Beyond the Courtyard: An Introduction
By Lawrence Ward
‘I wish I’d learnt that in Law School’ is one statement I hope I will never have to make. Yet I get the feeling that most of us will. University cannot teach us everything – particularly more practical legal skills – so there will always be gaps in our understanding. Something we can influence is where those gaps may appear. At university we are taught to absorb all manner of case law and statute, while vacation clerkships and part-time industry work act to address our practical legal deficiencies. Much of the career information out there focuses on individual firms and job opportunities. Unfortunately, there is little priority placed on how the global legal market is evolving. A real understanding of the industry is often not gained until legal qualification has been achieved. To me, this practice seems counter intuitive. Why wait until qualification to educate ourselves about the industry into which we are entering?
This lack of knowledge about the legal market is a deficiency that can be easily addressed – and definitely should be addressed – at law school. While yesterday’s law students may have fought over a few spots at Perth’s handful of top tier domestic firms, today we find ourselves on the threshold of a global legal market where many of us will be treading new ground. Quite simply, the game has changed. The legal market of yesteryear is no more and so too our approach must evolve. In previous decades we may have known what to expect: the Australian legal scene was predictable and safe. You would have to be especially ignorant to believe that now: Asia has risen from its slumber and so too have the fortunes of this state.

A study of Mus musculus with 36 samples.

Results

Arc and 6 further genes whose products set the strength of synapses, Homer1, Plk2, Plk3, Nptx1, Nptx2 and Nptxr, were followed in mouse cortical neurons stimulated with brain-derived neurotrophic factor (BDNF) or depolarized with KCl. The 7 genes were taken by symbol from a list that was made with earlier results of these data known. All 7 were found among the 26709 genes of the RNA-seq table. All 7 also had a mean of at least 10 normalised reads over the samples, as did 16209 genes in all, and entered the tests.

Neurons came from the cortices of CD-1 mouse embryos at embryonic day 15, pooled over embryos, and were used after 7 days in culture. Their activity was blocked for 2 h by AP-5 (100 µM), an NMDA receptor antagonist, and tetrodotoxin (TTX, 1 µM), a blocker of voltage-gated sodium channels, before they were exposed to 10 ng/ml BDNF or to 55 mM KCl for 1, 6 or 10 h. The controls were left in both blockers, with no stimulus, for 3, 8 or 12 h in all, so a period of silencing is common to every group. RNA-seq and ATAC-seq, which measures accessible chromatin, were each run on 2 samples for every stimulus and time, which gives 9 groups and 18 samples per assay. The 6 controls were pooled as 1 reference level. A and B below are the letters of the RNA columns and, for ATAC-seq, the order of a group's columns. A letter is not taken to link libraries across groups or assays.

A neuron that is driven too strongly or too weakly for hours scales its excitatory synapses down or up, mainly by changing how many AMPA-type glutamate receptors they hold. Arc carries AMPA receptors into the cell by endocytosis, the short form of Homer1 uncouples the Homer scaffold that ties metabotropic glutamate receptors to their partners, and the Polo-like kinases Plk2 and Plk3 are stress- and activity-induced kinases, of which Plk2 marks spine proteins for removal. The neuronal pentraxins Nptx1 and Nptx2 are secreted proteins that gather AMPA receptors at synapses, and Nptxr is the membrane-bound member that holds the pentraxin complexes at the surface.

Global wealth is moving from West to East; driven by the rampant demand of our neighbours to the north. First it was the miners – BHP, Rio, Chevron and Xstrata – looking to satiate China’s demand for ore and gas. More relevant for us is the procession of global law firms into our local market: Allen & Overy, Clifford Chance, Norton Rose, King + Wood Mallesons and Allens Linklaters to name a few.
To an increasing extent, the experiences of our legal forbears are irrelevant. Perth is now part of a global network and we are faced with a marketplace that is as competitive as it is complex and dynamic. The skills of a lawyer have never been so transferable or found in such abundance. How then do we differentiate ourselves from an increasingly international competition? Therein lies the purpose of this blog.
The blog is intended to supplement a theoretical and practical knowledge of the law with a greater understanding of the rapid changes in the industry: the most significant changes to the legal market ever experienced in this country. By equipping ourselves with a superior knowledge of the market we will be able to better address the needs of the market and ultimately increase our employability. It is the aim of the blog to supply some of this knowledge. There will be articles on how the changes in degree structure will affect our employability, an in-depth look at the structure of the marketplace itself and an analysis of international career opportunities. However, the content of the submissions will ideally reflect the interests of the Law School as a whole, so I encourage you to send me as much information as possible, or even to write an article of your own.
I would also encourage as much comment and criticism as possible. This blog is not a means to an end; rather it is to be used as a tool to promote discussion. Ultimately, I hope it is easy to read, useful and goes some way towards bettering our collective understanding of the industry.
Feel free to contact me at firstname.lastname@example.org if you’d like to contribute in any way.